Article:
July 5, 1776 began just like any other normal day, except that it wasn’t. For the first time in history, Americans woke up as Americans.
Granted, only a few realized their newfound freedom at the time.
Nobody talks about July 5, 1776 as an important date in American history because it wasn’t.
Its 24-hour predecessor — the one when a bunch of old white men signed a document in a stuffy room — that’s the one we celebrate year after year with bonfires, barbeques, and cheap beer.
July 4, 1776 was a step forward, but it certainly doesn’t deserve all of the credit. We still needed to beat the British, agree to a constitution, fight for civil rights and generally get along with each other among other things.
We celebrate July 4th as the day we earned our independence, but forget the days that followed which kept us free.
December 18, 1903 — another day shafted by its yesterday when two brothers from Ohio proved man could conquer the sky.
“Conquer” and “sky” both being a stretch when you consider the first flight flew 120 feet in 12 seconds over the sands of Kitty Hawk, North Carolina.
No, it was the quiet efforts the brothers put in at Huffman Prairie during 1904 and 1905 that gave birth to flight.
But nobody talks about those years. We only like to remember the milestones, the feats, the victories.
We wouldn’t celebrate July 4, 1776 if it weren’t for the sacrifice that followed.
We wouldn’t remember December 17, 1903 if it weren’t for the pursuit of perfection.
We remember those dates because complacency wasn’t an option.
What will the rest of the book be about?
I’m currently reading David McCullough’s The Wright Brothers, hence the reference above.
About 80 pages into the 270-page book McCullough tells the story of the brothers’ first flight. When I reached this point in the book I thought:
“Wait, what will the rest of the book be about?”
I presumed, like most people, that a book about the Wright brothers would build up and climax around what they are known for: being the first humans to fly.
But that wasn’t the case. On page 80, the Wright brothers flew. On page 81, they packed up and headed home.
The remaining pages are dedicated to the brothers honing their craft, proving the doubters wrong, and living out the rest of their life as pioneers to the sky.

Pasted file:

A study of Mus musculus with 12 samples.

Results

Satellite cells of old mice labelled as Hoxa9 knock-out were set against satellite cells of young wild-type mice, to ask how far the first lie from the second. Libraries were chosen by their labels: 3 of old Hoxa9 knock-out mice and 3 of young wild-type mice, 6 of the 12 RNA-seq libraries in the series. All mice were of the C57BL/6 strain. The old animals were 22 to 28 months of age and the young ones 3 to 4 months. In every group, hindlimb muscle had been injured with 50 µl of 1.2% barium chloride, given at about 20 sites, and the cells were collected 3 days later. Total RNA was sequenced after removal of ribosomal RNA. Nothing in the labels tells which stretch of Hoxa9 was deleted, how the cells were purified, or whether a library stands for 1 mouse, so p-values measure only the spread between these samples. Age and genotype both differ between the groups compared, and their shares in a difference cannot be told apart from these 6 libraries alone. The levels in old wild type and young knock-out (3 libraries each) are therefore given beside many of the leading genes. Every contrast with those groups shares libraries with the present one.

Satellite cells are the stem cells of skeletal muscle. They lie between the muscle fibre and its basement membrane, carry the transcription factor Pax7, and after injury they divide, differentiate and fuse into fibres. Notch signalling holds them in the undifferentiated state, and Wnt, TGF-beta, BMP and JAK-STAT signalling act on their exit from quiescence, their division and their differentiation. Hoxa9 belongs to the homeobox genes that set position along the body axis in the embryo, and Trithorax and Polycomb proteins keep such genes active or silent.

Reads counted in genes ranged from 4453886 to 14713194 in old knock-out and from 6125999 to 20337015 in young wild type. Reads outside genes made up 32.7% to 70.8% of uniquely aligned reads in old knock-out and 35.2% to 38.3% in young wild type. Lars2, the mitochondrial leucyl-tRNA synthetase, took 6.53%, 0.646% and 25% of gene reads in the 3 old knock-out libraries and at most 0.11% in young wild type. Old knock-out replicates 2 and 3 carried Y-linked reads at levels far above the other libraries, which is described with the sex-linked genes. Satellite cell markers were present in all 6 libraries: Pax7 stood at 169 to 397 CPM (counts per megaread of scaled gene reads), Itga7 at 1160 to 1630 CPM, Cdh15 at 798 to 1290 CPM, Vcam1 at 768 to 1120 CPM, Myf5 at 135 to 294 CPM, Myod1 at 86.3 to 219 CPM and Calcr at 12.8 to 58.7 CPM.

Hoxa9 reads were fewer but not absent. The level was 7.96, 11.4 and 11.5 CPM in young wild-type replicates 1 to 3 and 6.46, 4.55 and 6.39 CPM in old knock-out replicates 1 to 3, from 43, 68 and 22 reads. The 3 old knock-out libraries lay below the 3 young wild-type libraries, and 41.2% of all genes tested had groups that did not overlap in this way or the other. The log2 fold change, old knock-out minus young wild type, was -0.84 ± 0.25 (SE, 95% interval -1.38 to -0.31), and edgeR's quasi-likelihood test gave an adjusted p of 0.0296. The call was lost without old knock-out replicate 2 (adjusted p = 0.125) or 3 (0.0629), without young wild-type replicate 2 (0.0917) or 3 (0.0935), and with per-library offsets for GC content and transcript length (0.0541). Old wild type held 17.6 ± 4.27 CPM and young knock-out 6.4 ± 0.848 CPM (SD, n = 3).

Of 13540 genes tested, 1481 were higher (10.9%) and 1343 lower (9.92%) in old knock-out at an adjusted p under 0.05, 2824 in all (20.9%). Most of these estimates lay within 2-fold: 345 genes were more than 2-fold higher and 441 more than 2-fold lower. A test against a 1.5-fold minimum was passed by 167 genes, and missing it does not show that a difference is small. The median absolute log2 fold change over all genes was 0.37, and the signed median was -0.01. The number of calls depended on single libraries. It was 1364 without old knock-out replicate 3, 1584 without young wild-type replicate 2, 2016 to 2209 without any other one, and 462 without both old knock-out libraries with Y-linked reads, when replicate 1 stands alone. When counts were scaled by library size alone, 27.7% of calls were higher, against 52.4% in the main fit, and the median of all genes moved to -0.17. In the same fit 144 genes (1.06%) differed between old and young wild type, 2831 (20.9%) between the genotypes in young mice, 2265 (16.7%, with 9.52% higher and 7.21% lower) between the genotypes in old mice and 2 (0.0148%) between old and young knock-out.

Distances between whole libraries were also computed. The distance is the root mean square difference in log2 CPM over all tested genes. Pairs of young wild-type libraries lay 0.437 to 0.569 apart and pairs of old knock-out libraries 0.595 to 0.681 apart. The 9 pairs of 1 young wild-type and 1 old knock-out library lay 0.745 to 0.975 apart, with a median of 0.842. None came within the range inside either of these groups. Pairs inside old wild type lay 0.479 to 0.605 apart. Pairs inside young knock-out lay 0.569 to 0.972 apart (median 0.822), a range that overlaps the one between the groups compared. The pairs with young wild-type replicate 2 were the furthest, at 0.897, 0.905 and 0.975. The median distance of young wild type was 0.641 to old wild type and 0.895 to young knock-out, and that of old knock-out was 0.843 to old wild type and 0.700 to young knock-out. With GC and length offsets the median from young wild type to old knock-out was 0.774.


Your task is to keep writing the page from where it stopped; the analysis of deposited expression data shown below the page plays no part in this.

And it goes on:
December 17, 1903 wouldn’t be the historical moment it's known as today if it weren’t for those remaining 190 pages.
I sometimes wonder if the same applies to our lives.
While not at the same level of significance as the Wright brothers, we all experience small wins from time to time.
We taste a bit of success, we get that promotion, we meet someone amazing. Our brains swell with dopamine and suddenly the world feels smaller, conquerable.
We settle. We grow complacent. We watch as things fall apart. And before long, we’re left scratching our heads wondering, How did I squander this?
While I’m all for acknowledging the small wins along the way, asking ourselves What what will the rest of the book be about? shifts our focus on the end goal.
I remember making my first online sale. It was the first time I earned money on my own outside of my traditional 9-to-5.
I thought I was the sh*t. My ego tore at the seams. My smugness plastered all over my face.
Unfortunately, unlike a real entrepreneur, I rested on my small win instead of growing and servicing my budding business.
I closed up shop within a year.
I learned a very important lesson after that: You have to put in the work to stay on top.
You don’t have a business if you keep talking about your first sale.
You don’t have a marriage if you keep looking at wedding photos.
You don’t have a promotion if you keep ignoring your new responsibilities.
What matters is what the rest of the book will say.
If it’s any consolation, nobody will care about 99% of your life.
Ron Chernow’s biography of Alexander Hamilton is 700 pages. It’s a hefty read but it pales in comparison Hamilton’s own 22,000 pages of handwritten thoughts. Even with a life cut short by a duel, a 700-page book equates to one page covering 26 days of Hamilton’s life.
Imagine someone writing only one page about an entire month of your life.
Like I said, nobody cares.
If American Independence, the Wright brothers, and Alexander Hamilton have taught us anything, it’s that people prefer to remember the trail markers of history, not the trail.
If you’re lucky, you’ll receive a few sentences in the newspaper for your obituary. People will say a few nice things but they won’t really remember.
It’s sad, but everyone has their own lives to live. How can you blame them?
Therefore it’s your job to make sure the things you want people to remember are worth remembering.
If you are a writer, keep writing.
If you’re an entrepreneur, keep innovating.
If you’re a family man, keep loving.
Never settle. Never grow complacent. Acknowledge the wins, but focus on the rest of your book.